Japanese PM Abe: Iran Has No Intention to Make Nuclear Weapons

Says Iran has a constructive role to play in peace

Speaking after a meeting with Ayatollah Ali Khamenei, Japanese Prime Minister Abe Shinzo reported that Iran has no intention to “make, hold, or use nuclear weapons.” This assurance has been made by Iranian officials repeatedly, and Khamenei told Abe this again Thursday.

This is an important point, as while the US has been talking up military confrontation against Iran for years, and Secretary of State Mike Pompeo accusing Iran of “nuclear blackmail” on Thursday, the evidence doesn’t support these claims, nor indeed convince even close US allies like Abe.

Instead of a war, Abe says he sees Iran as having a potentially very constructive role to play in the peace process. He tried to convince Khamenei to talk with the US, though Khamenei rejected this proposal, seeing nothing good coming out of talks with the US.

US efforts seem mostly centered on convincing Abe not to deal with Iran. Pompeo falsely claimed Khamenei had snubbed a meeting when Abe, when that meeting had already taken place, and accused Iran of attacking a Japanese-owned tanker, without providing any evidence that Iran was behind that attack.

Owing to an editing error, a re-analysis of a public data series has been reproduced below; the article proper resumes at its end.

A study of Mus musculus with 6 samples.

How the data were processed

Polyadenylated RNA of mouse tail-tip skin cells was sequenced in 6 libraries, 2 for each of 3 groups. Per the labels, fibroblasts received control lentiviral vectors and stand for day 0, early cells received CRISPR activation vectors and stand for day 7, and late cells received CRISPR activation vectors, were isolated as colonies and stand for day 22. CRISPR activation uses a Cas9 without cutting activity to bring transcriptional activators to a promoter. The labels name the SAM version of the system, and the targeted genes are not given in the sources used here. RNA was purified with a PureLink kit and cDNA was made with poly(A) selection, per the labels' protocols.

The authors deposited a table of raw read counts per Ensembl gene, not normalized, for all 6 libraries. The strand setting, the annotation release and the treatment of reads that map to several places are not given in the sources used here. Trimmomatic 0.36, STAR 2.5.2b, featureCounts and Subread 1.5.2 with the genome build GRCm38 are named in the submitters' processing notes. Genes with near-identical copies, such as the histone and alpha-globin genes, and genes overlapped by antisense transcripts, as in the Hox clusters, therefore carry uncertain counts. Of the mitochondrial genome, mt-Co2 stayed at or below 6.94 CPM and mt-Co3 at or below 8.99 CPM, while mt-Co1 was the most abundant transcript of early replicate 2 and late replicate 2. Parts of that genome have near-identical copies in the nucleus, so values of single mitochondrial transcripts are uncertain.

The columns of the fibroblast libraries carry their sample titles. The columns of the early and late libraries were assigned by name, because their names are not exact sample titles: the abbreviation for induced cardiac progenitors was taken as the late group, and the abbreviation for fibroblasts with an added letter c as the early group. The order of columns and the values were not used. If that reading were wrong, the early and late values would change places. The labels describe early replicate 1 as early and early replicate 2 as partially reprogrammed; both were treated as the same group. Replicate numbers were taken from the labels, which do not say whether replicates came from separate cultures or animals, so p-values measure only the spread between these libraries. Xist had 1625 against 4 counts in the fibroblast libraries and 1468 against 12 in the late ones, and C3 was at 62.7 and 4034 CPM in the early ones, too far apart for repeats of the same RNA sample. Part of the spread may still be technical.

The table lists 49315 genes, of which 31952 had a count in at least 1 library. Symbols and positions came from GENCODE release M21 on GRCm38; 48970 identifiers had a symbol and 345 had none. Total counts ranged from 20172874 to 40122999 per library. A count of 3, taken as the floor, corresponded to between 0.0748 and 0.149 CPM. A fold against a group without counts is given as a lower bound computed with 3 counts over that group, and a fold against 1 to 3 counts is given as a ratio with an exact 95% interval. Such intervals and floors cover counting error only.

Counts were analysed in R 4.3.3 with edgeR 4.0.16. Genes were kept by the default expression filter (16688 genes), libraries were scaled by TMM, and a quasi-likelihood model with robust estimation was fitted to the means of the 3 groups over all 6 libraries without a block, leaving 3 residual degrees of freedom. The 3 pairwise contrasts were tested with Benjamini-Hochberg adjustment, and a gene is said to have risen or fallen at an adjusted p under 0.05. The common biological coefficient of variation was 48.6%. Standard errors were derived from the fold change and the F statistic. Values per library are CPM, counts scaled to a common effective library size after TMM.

Japan’s interest in Iran is to return to a long-standing trade relationship, buying Iranian oil and providing some services to the Iranian economy. The US, however, has forbidding Japan from doing so, and so far Japan has not shown a willingness to defy US demands.

Author: Jason Ditz

Jason Ditz is Senior Editor for Antiwar.com. He has 20 years of experience in foreign policy research and his work has appeared in The American Conservative, Responsible Statecraft, Forbes, Toronto Star, Minneapolis Star-Tribune, Providence Journal, Washington Times, and the Detroit Free Press.